Melanoma in situ (MMIS)

You will receive a call from a Florida Dermatology Specialists team member to discuss your results further. Your biopsy showed an early melanoma.  It requires surgery for treatment.  

 Based on your pathology report, we can treat your melanoma in the office.  It had no measurable thickness on the biopsy report, which is the best possible prognosis for a melanoma.  It requires an excision, meaning a margin is taken around the cancer site and down into the fat layer.  We will do the surgery with local anesthesia here in the office.  

In an excision, the area around the abnormal mole is numbed like in a skin biopsy with an injection of local anesthesia.  

Then, a margin of normal-appearing skin around the area is cut out and the wound is closed with stitches.   The size of the margin depends on how abnormal the cells are, generally about 5 to 9 millimeters around the site for these lesions.

In all cases, the tissue removed will be sent to the pathology lab and analyzed to make sure the margins are clear and the spot has been removed.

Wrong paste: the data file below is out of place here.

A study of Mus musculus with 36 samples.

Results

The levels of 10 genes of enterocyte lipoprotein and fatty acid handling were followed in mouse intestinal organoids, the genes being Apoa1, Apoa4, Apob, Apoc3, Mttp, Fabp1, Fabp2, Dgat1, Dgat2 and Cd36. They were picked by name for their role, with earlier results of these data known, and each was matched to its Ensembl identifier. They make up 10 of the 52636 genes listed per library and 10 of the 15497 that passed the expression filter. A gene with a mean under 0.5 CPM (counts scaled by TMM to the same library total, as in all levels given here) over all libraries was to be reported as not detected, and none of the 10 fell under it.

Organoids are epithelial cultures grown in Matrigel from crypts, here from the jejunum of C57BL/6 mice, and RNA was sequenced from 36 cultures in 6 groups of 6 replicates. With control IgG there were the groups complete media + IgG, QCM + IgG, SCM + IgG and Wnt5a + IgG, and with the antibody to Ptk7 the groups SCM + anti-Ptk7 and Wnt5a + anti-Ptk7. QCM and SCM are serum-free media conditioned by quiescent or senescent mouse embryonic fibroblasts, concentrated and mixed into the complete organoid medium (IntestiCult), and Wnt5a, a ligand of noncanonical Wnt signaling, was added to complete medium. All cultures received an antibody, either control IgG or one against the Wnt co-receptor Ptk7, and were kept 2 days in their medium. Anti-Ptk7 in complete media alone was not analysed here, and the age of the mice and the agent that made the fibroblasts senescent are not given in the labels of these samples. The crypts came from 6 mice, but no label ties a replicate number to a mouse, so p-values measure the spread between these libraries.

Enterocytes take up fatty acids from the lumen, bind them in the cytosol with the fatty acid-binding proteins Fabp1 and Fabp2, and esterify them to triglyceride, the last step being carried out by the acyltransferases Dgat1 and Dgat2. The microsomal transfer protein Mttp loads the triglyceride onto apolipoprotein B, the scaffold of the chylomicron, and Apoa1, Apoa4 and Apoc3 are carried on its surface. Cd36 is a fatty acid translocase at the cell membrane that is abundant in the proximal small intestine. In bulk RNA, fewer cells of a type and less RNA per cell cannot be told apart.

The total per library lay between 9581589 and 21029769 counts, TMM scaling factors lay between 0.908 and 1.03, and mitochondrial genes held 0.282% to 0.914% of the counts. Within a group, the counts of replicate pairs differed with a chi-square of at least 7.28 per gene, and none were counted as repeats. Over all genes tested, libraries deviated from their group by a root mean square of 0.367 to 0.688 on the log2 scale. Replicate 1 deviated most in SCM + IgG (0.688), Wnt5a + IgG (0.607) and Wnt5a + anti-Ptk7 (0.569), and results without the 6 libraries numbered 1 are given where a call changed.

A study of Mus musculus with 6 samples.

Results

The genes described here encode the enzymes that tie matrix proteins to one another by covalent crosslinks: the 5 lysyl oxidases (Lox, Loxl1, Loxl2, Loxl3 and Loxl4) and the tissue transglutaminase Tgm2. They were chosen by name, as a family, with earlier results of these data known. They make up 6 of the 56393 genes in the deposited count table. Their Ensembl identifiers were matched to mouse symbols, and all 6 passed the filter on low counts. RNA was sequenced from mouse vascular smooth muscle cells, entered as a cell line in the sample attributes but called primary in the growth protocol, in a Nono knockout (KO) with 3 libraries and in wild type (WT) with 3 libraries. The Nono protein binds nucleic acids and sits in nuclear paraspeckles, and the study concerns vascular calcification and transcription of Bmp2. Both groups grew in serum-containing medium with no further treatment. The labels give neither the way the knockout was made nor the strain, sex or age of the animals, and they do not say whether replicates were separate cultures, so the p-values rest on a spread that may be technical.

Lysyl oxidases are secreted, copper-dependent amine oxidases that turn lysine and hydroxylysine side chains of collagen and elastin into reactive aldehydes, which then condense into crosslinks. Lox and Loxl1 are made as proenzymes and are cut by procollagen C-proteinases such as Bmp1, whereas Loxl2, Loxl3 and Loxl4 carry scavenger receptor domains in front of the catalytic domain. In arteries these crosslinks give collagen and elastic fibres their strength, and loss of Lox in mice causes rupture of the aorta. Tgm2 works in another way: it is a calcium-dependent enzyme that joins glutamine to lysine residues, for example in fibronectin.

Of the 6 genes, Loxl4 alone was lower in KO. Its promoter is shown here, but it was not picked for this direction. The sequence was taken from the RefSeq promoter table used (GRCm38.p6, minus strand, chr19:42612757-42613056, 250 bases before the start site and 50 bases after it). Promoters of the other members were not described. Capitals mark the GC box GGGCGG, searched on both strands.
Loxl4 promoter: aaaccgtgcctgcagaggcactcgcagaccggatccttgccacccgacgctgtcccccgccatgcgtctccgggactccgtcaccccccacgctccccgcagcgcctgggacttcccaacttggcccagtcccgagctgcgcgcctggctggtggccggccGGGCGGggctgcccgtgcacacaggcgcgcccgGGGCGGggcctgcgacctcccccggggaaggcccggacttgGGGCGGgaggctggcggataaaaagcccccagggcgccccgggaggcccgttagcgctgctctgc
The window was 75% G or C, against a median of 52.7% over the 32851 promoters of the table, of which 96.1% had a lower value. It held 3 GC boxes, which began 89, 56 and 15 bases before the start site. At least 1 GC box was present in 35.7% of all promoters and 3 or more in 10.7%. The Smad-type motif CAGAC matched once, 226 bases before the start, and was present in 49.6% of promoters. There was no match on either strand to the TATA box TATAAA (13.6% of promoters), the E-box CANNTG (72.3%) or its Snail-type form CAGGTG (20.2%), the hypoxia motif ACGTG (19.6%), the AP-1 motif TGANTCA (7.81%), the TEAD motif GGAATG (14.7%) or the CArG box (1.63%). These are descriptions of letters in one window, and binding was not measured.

There is generally little to no wound care required at home.  Stitches usually stay in between 10-14 days on the trunk and extremities, depending on the site of the surgery.  

Activity like vigorous exercise, tennis, or golf may be limited during that time until stitches come out.  In addition, there can be no underwater submersion until the stitches have been removed.  This means no swimming or baths until then.  Showering after the pressure bandage has been removed, 48 hours after surgery, is fine.

The risks of the procedure are small, but include bleeding, low risk of infection, further required surgery, cancer recurrence, and a scar.  The recurrence rate is extremely low for excision of melanoma in situ.

A melanoma like this does not require any imaging or scans, based on information we have from the biopsy report.  You also do not need a referral to a medical oncologist, but we would be happy to make one should you so desire.

The surgery itself is therapeutic and nearly always curative.  

It’s important to have this procedure done soon.

In addition, you will need to come for an examination every three months for the first year.

For any of the surgical procedures, click here for Preoperative Concerns and Protocols for more information.